ISLAMABAD, Pakisan (ABP) — Baptists around the globe are responding to the floods that have afflicted Pakistan for two weeks, sending money and resources in the aftermath of what could become the nation’s biggest natural disaster in modern times.
According to United Nations estimates, nearly 1,700 people have died in the floods and as many as 14 million more have been affected — with many millions left at least temporarily homeless. They were spurred along the Indus River watershed by unusually heavy seasonal monsoon rains, and floodwaters continued to travel southward Aug. 13.
Southern Baptists in the United States sent an initial $20,000 and British Baptists contributed £10,000 (about U.S. $16,000) shortly after the floods began. Additional contributions have augmented both of those grants.
According to Baptist Global Response, a Southern Baptist relief-and-development agency, the U.S. funds have paid for rescuers, food, tents for displaced survivors, medicine and other supplies.
BMS World Mission, the missions affiliate of the Baptist Union of Great Britain, does not have any missions workers in Pakistan, but is working with a partner agency in the nation to provide food relief.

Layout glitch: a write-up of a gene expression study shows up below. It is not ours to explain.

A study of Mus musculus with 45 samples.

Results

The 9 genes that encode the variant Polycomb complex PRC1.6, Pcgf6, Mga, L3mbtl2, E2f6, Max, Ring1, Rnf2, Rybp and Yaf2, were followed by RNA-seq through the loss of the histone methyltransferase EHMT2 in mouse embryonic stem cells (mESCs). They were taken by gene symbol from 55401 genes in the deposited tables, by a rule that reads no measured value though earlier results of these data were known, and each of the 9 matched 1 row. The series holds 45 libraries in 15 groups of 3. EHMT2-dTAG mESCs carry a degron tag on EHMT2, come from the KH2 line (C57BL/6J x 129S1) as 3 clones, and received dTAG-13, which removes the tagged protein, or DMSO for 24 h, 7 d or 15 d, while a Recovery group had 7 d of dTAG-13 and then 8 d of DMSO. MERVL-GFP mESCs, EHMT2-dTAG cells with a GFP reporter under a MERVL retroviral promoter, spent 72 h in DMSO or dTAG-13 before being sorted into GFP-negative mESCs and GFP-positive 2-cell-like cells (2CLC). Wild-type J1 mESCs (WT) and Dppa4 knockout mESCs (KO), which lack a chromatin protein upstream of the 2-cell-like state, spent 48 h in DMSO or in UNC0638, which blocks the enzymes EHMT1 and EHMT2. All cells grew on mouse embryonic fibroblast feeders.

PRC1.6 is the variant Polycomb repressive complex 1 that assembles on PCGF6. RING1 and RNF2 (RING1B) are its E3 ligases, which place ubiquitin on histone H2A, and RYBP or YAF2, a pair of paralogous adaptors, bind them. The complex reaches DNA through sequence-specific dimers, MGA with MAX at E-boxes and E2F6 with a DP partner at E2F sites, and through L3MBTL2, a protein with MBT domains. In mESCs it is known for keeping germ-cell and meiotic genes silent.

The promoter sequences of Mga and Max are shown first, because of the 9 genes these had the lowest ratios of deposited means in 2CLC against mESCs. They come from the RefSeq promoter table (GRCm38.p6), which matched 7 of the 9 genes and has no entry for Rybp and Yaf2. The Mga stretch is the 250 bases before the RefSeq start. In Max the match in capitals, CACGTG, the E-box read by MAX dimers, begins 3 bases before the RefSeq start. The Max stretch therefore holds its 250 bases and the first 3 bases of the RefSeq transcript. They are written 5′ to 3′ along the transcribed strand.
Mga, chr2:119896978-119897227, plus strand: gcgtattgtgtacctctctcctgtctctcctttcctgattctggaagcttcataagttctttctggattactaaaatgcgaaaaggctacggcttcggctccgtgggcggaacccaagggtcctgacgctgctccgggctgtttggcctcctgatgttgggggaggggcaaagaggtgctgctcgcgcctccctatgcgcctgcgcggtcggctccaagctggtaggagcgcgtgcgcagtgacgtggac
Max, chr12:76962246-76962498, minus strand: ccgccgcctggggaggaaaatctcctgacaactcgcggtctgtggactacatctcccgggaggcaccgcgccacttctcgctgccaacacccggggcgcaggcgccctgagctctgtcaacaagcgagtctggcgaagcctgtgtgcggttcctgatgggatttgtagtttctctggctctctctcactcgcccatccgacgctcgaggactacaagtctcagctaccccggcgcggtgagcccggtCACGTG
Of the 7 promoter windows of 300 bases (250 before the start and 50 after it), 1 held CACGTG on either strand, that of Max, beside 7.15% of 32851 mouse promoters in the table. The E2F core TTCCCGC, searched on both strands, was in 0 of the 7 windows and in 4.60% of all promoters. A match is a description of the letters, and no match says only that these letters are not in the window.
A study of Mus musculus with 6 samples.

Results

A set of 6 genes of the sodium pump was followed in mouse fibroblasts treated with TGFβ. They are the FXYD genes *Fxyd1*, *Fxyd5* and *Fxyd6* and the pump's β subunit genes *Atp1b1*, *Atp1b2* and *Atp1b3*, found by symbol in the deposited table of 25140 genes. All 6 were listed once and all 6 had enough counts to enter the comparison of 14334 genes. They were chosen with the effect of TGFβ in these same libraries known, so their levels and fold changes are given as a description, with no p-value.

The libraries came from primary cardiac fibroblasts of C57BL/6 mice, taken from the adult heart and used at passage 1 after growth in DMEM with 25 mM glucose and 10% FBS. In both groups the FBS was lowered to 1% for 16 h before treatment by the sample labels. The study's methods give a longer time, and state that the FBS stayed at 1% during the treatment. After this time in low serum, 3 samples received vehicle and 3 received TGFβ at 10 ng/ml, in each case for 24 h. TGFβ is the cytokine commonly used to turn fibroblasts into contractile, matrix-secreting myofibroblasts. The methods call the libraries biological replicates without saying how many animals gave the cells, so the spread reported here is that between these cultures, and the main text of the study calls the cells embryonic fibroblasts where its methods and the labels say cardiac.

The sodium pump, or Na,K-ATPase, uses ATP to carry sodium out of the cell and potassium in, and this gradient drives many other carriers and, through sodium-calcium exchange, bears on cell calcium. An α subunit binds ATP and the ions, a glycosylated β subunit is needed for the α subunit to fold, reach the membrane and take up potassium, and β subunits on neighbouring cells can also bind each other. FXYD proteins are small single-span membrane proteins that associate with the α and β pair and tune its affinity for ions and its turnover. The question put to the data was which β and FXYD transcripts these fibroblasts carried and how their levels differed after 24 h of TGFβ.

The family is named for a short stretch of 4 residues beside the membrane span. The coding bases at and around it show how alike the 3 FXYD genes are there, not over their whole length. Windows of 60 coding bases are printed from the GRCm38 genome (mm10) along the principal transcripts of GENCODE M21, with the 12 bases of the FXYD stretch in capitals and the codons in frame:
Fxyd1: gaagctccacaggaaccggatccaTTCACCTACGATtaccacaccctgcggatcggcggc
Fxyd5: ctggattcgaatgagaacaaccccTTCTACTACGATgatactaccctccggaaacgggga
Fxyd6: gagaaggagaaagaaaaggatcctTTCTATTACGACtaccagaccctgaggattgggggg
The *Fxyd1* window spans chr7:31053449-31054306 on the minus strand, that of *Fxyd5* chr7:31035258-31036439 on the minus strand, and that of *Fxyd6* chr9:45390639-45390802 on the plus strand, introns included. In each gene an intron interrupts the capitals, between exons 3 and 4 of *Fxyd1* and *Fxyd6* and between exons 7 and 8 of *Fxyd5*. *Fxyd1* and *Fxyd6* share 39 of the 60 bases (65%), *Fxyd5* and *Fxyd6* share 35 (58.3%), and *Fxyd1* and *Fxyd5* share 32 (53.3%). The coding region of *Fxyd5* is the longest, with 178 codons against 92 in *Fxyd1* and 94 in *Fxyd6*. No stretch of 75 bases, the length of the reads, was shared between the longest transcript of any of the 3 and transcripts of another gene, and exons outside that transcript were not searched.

“We need to deliver all that is required as soon as possible,” said John Holmes, the U.N. undersecretary general for humanitarian affairs, according to a U.N. press release. “The death toll has been relatively low compared to other major natural disasters. But if we don’t act fast enough, many more people could die of disease and food shortage.”
The U.N. has appealed for $460 million in funds to respond to the crisis. So far, about $150 million has been contributed or pledged by donors.
Experts warned Aug. 13 that many more lives could be lost due to the spread of disease and lack of sanitation in stricken areas — many of which are in remote parts of the nation of 177 million.
In addition, long-term work will be needed after the floodwaters have receded, according to relief-and-development experts. The floods have destroyed much of Pakistan’s already-tenuous infrastructure.
“With disasters of this kind, the bigger challenges often come during the later recovery phase of work, when homes, sanitation and livelihoods need to be restored, and it is very probable that BMS will be looking to help during that phase as well,” said Steve Sanderson, manager for mission partnerships at BMS World Mission.
Robert Marus is managing editor and Washington bureau chief for Associated Baptist Press.